Education in professional schools shows a similar self-selection. Women receive only 37 percent of MBAs. Women who finish medical school gravitate toward family practice over higher-paying surgery; freshly minted female lawyers tend to choose public-interest law over a corporate practice.
Why don’t more women act like Sabino and choose the more lucrative majors? Educated women, after all, show the work ethic to succeed in college and beyond, and presumably they appreciate money as much as men do. The answer may lie in a fault line that runs through the U.S. education system from pre-K to Ph.D.: a mismatch between qualities that the schools reward versus those that the real world will prize.
Girls outperform boys in school from the start, not only because of superior communication and interpersonal skills but also because of a greater willingness to follow rules, line up quietly, and listen. Interpersonal skills count for a lot in today’s job market. But obedience doesn’t. A quick-shifting, globally competitive economy rewards assertiveness and innovation over sitting still or knowing which bubbles to fill in on a standardized test. Women need boldness to strike into male-dominated majors.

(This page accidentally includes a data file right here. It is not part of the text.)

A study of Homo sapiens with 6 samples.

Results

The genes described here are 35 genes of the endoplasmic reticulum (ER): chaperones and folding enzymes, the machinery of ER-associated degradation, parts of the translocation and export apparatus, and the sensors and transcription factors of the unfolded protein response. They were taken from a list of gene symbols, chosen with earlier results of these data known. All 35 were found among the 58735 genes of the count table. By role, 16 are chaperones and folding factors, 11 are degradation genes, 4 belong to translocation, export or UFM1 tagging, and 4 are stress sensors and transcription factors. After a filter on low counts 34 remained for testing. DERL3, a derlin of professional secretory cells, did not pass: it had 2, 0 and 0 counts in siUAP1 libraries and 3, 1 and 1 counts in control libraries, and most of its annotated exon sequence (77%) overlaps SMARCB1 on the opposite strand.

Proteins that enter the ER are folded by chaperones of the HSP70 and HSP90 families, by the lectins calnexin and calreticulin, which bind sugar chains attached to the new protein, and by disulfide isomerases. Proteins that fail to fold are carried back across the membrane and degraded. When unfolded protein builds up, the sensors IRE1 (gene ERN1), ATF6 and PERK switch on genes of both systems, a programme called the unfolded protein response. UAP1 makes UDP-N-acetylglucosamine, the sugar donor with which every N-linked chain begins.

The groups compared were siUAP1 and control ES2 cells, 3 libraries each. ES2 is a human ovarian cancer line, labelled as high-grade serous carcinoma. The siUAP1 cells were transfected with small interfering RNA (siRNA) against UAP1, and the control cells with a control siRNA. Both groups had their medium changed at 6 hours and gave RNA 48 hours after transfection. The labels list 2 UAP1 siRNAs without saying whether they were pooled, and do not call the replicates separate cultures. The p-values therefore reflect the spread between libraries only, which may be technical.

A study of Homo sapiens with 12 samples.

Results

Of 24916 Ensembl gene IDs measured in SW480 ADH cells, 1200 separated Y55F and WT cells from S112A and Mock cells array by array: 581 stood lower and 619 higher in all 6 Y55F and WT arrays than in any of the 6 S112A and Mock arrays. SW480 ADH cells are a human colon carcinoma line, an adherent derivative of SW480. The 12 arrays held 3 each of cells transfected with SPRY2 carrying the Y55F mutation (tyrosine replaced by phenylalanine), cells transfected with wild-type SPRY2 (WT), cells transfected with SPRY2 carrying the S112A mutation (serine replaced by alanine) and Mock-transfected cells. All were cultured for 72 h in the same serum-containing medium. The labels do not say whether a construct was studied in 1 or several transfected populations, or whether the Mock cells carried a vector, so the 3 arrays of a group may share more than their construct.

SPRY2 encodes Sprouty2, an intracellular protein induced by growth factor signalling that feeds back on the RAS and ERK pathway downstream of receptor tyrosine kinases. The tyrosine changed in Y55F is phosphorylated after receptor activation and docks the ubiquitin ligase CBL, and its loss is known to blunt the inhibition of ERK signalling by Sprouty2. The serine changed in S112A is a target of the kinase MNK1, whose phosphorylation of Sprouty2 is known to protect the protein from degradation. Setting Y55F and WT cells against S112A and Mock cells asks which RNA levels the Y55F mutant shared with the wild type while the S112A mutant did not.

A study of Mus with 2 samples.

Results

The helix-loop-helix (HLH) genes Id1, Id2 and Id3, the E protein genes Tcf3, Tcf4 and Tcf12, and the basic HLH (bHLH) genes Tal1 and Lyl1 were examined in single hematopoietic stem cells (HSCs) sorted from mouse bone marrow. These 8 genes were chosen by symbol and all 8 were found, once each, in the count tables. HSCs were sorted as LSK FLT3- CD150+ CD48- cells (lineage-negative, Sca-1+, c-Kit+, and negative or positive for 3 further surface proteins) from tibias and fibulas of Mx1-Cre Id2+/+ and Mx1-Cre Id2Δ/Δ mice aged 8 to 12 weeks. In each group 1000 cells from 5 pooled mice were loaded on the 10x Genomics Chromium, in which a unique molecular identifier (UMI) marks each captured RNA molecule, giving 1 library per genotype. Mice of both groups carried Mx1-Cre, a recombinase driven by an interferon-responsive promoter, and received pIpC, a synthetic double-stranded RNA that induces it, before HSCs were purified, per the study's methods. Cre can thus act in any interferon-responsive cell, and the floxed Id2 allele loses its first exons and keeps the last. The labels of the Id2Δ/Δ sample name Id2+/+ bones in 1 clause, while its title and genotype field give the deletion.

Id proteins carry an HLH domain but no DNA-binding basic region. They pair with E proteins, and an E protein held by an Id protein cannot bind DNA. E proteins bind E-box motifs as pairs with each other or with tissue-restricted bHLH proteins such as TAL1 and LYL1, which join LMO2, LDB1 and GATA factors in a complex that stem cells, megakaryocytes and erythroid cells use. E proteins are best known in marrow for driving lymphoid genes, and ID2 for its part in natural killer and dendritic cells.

Camille Sabino has the best of both worlds. With two older brothers, she’s comfortable in a boys’ club atmosphere, and her immigrant parents evidently instilled an iron self-confidence. “I haven’t found anything that’s really difficult being the only girl in my classes,” she said. “I think in some ways it’s even easier. I know a lot of technical stuff, but I’m also good at managing and communicating with people. When I’m working with a couple of boys in a class project, I tend to be the one who makes sure everything is going well.” She isn’t afraid to call herself ambitious and has sought out female professors as mentors. A survey by Catalyst, the women’s professional organization, found that women with mentors saw their salaries rise 27 percent higher than women without.
Mentoring and planning ahead, Berkeley’s Mason noted, can matter as much as structural changes—such as part-time career tracks and paternity leave—in helping women leverage their educational success into economic success. “I’d like to see Life Planning 101 as a college course,” she said. “Young women are unaware of how difficult it becomes fitting childbirth into your career plans. But … if you think in advance, it becomes easier.”
The writer is a senior writer at Fast Company magazine and the author of DIY U: Edupunks, Edupreneurs and the Coming Transformation of Higher Education.